We’ve written before here and here about the limitations of Google. So much of what we think we can find on Google is not there because it was never on the internet, or can disappear from Google’s results from one hour to the next.

Now comes a study conducted at Columbia University and reported in The Washington Post that says people are less likely to remember things they think they can recover via Google or other search engines.

Given the disconnect between what we think we can get off Google and what we often fail to find, that’s a disconcerting finding.

Broadly speaking, Google is fine for recalling things you used to look up in the World Almanac: What is Poland’s GDP? When did Groucho Marx die? Who is the junior senator from Wyoming?*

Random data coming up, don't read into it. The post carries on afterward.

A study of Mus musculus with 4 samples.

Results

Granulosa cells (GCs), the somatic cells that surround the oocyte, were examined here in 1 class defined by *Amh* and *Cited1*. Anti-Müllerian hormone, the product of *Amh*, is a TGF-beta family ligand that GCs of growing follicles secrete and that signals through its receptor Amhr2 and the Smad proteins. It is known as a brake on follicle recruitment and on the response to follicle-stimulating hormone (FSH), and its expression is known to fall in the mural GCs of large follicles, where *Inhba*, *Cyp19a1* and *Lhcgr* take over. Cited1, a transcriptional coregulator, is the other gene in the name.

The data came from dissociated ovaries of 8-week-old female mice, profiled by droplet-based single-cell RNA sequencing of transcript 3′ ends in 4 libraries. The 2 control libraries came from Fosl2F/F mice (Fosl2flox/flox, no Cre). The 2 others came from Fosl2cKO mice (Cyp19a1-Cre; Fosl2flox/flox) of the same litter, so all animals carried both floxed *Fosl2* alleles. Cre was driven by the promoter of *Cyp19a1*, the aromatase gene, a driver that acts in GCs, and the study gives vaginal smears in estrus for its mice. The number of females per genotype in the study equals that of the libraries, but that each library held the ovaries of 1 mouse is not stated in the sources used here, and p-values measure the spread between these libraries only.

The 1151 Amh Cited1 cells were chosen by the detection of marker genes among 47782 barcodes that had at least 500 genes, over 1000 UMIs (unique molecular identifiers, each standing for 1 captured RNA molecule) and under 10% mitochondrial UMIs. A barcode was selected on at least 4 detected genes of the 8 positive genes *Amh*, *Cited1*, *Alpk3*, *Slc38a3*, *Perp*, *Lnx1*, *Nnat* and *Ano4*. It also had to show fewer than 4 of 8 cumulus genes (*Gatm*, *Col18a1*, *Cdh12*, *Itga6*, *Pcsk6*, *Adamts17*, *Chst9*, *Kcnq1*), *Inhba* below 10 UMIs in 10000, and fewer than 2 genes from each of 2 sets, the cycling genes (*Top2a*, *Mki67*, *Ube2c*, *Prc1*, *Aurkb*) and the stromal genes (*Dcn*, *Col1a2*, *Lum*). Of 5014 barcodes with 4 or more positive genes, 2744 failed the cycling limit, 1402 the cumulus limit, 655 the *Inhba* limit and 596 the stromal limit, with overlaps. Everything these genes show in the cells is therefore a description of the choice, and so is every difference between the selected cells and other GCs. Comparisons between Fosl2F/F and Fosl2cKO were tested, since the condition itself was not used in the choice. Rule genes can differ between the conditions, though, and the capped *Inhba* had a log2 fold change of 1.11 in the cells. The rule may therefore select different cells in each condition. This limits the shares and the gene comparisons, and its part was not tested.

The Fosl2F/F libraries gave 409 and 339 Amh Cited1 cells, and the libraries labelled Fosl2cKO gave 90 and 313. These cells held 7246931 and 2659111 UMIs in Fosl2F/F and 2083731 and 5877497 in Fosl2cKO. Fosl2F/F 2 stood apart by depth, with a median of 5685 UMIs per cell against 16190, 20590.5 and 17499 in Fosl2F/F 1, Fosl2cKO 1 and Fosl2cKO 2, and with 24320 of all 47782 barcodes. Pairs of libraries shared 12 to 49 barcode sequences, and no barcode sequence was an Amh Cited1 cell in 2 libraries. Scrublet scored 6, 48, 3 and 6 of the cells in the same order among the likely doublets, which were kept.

But unless you are extremely famous, Google is rotten at getting you information about yourself or most people you know. Court records, professional licenses, deeds and mortgages – all the pieces of our lives that help to write our life stories – these are rarely on Google. Google yourself and see if more than five percent of your whole life appears.

Our feedback indicates that our most useful tip about how to get the most out of Google is when we talk about “meta searching.” In brief, this is looking on Google for a way to find something that will lead you to the answer you want. If you’re searching for a particular ship, you may not find it on Google. But you probably will find indexes of ships (that may not be on line), or else names of agents you could call to track a ship down.

In this way, Google makes finding things faster, but you still have to use your head. You may also need a telephone and some energy to go somewhere to look things up in books or in databases not connected to the internet.

One last tip: before you head out to the library, write down the address. It may not be on Google either and even if it turns out to be, scientists say you may forget it before you arrive.


*$430 billion (2009); 1977; John Barrasso.